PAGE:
OkayMuva: A Brave Farewell To The Past, A Welcomed Hello To The Future


This is the last version of #OkayMuva in its current format.

My creative career is often riddled with the word brave. I never considered myself particularly risky or courageous just because I’ve practiced being who I am and doing what I wanted to do. But that’s not really the nature of being creative in public. Compromise is in every contract. Whereas with some people this sparks a deep spiritual and intellectual conflict, I just pass it along, and continue until something is in front of me that fits better with who I am and what I am willing to do. The only thing I truly meditate on is where I want to go and how will this opportunity serve the grander vision I have for myself?

When first approached by @Okayplayer to create a column dedicated to my opinions I was ecstatic. I was a fan of the brand as a hip-hop head and someone that knows what this brand means to the hip-hop culture. I loved the fact that my ideas and opinions were going to be centered on such a legendary site. It was not lost on me that as someone openly queer and femme that personalities and opinions like mine are rarely centered on hip-hop platforms.


As I was able to produce more work and get more opportunities, my public platform expanded. I’ve had several significant opportunities with Buzzfeed, Vice, The New York Times, Essence, Cassius Life, Catapult and Afropunk. And most importantly, with Folio Literary Agency where I’m working with amazing people to assist in one of my biggest dreams to come true: publishing my first memoir. It was in these moments I witnessed how exhausting constantly putting your opinion in public space for engagement can be. I witnessed how dangerous it can be to put your personality, history and ideas up for dissection routinely, as well.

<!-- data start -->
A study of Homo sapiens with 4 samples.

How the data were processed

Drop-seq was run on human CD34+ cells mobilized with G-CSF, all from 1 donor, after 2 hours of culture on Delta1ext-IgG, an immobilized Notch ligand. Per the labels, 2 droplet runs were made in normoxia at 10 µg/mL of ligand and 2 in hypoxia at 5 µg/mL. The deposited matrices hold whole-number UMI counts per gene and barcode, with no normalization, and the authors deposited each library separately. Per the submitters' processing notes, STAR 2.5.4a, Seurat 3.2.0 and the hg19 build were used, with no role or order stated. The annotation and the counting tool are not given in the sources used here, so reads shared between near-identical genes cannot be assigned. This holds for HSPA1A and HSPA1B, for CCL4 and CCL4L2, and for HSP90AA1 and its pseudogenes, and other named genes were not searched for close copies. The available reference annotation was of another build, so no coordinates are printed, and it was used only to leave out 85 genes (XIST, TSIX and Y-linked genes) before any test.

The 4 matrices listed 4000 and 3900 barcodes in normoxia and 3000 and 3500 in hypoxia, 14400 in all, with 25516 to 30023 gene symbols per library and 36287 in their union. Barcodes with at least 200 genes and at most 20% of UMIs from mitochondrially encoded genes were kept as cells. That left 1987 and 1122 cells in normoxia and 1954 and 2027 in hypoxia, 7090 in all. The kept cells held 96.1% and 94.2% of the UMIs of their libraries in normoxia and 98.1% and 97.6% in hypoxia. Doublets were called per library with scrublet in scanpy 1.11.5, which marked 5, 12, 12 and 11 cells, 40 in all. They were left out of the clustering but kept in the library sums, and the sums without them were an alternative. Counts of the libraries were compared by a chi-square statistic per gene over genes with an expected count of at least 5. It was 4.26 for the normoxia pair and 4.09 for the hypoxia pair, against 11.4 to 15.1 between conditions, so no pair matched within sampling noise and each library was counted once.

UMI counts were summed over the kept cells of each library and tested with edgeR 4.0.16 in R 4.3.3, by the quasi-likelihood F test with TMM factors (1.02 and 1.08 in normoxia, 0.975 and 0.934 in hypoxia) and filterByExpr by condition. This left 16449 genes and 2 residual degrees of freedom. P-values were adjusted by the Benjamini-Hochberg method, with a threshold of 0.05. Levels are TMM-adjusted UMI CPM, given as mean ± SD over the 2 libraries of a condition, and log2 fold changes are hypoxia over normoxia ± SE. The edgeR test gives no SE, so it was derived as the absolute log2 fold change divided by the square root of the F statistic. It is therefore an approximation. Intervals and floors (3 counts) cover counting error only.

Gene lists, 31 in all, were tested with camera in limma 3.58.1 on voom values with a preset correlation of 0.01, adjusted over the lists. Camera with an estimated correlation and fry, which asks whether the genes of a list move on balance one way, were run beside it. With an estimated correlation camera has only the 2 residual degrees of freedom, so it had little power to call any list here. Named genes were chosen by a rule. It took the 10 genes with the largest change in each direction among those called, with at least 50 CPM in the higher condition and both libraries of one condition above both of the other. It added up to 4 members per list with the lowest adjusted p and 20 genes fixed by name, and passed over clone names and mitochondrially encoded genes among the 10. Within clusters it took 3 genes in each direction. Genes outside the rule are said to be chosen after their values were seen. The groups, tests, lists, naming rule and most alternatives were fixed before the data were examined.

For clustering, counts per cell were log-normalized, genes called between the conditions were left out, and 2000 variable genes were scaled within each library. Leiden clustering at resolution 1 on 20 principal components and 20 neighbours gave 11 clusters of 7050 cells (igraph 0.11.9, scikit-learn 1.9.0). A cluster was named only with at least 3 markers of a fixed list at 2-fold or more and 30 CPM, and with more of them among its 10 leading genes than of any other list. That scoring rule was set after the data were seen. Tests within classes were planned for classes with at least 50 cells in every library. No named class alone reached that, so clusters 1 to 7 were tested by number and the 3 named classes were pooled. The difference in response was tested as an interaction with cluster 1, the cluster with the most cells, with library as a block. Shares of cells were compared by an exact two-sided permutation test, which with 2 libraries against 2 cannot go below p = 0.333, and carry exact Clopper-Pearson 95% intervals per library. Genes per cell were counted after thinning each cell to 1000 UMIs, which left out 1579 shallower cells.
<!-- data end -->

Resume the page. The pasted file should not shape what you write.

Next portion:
At the same time.

And the internet is ruthless. It is a space where people grow muscles and fangs in ways they would never imagine if they had a more personal interaction. I have cut friendships because of vile internet behavior. I have seen and experienced personal insults heralded based off of different political beliefs. I have seen identities weaponized and leveraged to gain access and profit. I have seen jealousy-informed internet lynch mobs form because some people are getting further, quicker. I have friends who have had their addresses and personal medical information released to the public.


With growing attention and the vile nature of people, I had to have an introspective moment. I took a survey on what I wanted, where I wanted to go, and the steps I was willing (and not willing) to take to get there. In that moment, I decided I no longer wanted to continue my Okayplayer column, #OkayMuva in the same way I was beforehand. I no longer wanted to continue doing critiques of cultural and political moments on a regular basis.